Politicians, Take Note: More Potholes Mean Fewer Votes
A new academic paper that uses San Diego as a case study suggests voters punish candidates for potholes – just not enough to oust an incumbent.
San Diego’s streets are bad and have been bad for a while. But do voters really care?
That’s what Ohio State University political science professor Vladimir Kogan set out to answer. Kogan, a former Voice of San Diego reporter, wanted to know whether voters punish local elected officials for perceived bad performance.
In a new paper, Kogan and his co-author, Craig Burnett from the University of North Carolina-Wilmington, found that every pothole complaint lodged within six months of Election Day reduced an incumbent’s Election Day total by an average of 0.2 percentage points. So five pothole complaints in a particular precinct would on average cut that incumbent’s vote total by a full point in that neighborhood.
“Although this effect is not particularly large, it is meaningful in substantive terms,” the authors conclude. “In a close election, local road quality could determine whether the incumbent wins another term or loses the election.”
For a while, there’s been a debate in political science over whether local elected officials get re-elected for anything under their control. Lots of academics have theorized that issues like economic performance, crime rates or even how well sports teams perform can help determine local elections. Kogan concluded that something local politicians actually can impact – road quality – can matter.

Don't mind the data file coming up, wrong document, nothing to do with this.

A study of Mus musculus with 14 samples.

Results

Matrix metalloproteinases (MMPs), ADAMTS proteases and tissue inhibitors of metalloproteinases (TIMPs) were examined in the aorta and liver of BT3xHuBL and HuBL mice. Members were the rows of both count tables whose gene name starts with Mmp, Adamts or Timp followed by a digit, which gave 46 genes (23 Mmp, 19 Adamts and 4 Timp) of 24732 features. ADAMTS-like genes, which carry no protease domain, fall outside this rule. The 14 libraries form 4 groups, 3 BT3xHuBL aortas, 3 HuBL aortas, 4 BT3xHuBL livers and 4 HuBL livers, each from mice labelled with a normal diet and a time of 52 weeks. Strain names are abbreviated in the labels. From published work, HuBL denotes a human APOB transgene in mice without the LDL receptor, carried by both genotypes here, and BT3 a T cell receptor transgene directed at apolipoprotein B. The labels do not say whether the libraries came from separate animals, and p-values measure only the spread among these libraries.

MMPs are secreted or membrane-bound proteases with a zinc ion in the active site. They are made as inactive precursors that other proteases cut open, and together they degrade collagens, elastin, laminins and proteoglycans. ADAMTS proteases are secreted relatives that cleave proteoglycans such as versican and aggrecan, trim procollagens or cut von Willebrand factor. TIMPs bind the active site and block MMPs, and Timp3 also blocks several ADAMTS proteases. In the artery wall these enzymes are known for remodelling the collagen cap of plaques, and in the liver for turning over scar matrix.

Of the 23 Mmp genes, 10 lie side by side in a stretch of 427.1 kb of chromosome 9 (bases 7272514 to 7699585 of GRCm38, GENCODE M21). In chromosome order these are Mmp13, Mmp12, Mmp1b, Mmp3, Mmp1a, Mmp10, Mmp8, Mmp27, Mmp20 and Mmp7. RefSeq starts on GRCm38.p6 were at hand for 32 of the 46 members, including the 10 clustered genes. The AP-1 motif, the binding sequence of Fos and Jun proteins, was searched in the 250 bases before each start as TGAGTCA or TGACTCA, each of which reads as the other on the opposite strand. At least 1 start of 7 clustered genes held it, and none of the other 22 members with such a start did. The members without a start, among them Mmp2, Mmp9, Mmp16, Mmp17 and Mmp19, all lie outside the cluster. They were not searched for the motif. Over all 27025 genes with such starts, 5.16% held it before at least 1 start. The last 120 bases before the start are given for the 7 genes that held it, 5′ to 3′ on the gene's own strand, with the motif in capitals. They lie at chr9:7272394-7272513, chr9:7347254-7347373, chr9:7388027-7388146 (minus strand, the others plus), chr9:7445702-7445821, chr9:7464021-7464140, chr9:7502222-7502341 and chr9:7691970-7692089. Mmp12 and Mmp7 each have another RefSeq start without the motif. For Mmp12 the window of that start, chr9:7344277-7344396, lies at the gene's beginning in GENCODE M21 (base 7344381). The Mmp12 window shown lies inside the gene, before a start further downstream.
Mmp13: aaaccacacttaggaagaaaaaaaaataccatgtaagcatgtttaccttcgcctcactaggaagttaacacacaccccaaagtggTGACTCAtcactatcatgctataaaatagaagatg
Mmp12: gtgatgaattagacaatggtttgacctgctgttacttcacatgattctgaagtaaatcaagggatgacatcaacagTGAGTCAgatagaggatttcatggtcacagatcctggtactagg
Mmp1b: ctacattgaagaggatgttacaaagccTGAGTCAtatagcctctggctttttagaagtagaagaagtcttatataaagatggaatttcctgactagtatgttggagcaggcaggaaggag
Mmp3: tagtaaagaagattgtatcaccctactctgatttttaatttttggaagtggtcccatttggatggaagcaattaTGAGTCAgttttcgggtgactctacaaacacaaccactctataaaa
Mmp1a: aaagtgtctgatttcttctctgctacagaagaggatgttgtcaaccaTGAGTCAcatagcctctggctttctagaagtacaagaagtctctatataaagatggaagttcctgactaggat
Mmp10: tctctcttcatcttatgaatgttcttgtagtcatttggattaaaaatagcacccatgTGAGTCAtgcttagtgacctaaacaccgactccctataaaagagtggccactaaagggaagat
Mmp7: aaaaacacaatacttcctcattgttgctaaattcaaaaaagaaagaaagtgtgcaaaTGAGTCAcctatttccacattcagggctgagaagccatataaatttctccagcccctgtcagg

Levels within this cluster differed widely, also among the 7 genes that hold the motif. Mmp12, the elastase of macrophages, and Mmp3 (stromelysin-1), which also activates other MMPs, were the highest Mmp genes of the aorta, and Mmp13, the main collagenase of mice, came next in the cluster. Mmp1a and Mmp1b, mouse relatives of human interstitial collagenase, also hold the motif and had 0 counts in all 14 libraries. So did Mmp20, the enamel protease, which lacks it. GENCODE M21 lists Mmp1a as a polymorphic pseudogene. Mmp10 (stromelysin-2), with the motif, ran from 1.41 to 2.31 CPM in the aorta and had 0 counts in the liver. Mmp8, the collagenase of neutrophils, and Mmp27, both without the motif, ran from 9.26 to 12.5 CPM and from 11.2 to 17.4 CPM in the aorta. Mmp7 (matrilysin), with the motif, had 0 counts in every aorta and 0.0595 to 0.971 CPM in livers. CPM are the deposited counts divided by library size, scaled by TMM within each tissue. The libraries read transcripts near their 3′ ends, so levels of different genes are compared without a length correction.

But potholes won’t necessarily make or break an election.
Kogan examined pothole complaints on San Diego streets six months before the re-election bids of former Mayor Jerry Sanders, former Councilman Tony Young and then-Councilman Kevin Faulconer. (He got the data from our reporting on the issue.) Potholes did affect their vote totals, but all three won their re-election bids handily. Indeed, no incumbent mayor or city councilman has lost an election in the city of San Diego since 1991.
Sanders, Young and Faulconer’s re-elections also came at a time when San Diego road conditions were rapidly degrading.
“It’s still very hard to unseat an incumbent,” Kogan said. “It’s just a little easier when city streets are bad.”
San Diego politicians seem to know potholes matter. Former Councilman Carl DeMaio set up a photo-up to fill a pothole himself when he ran for mayor in 2012. In the same campaign, District Attorney Bonnie Dumanis joked about falling into one. A few years later, a PAC supporting Councilwoman Lorie Zapf called her “the worst enemy of the San Diego pothole” in a campaign ad that featured a warthog, for some reason.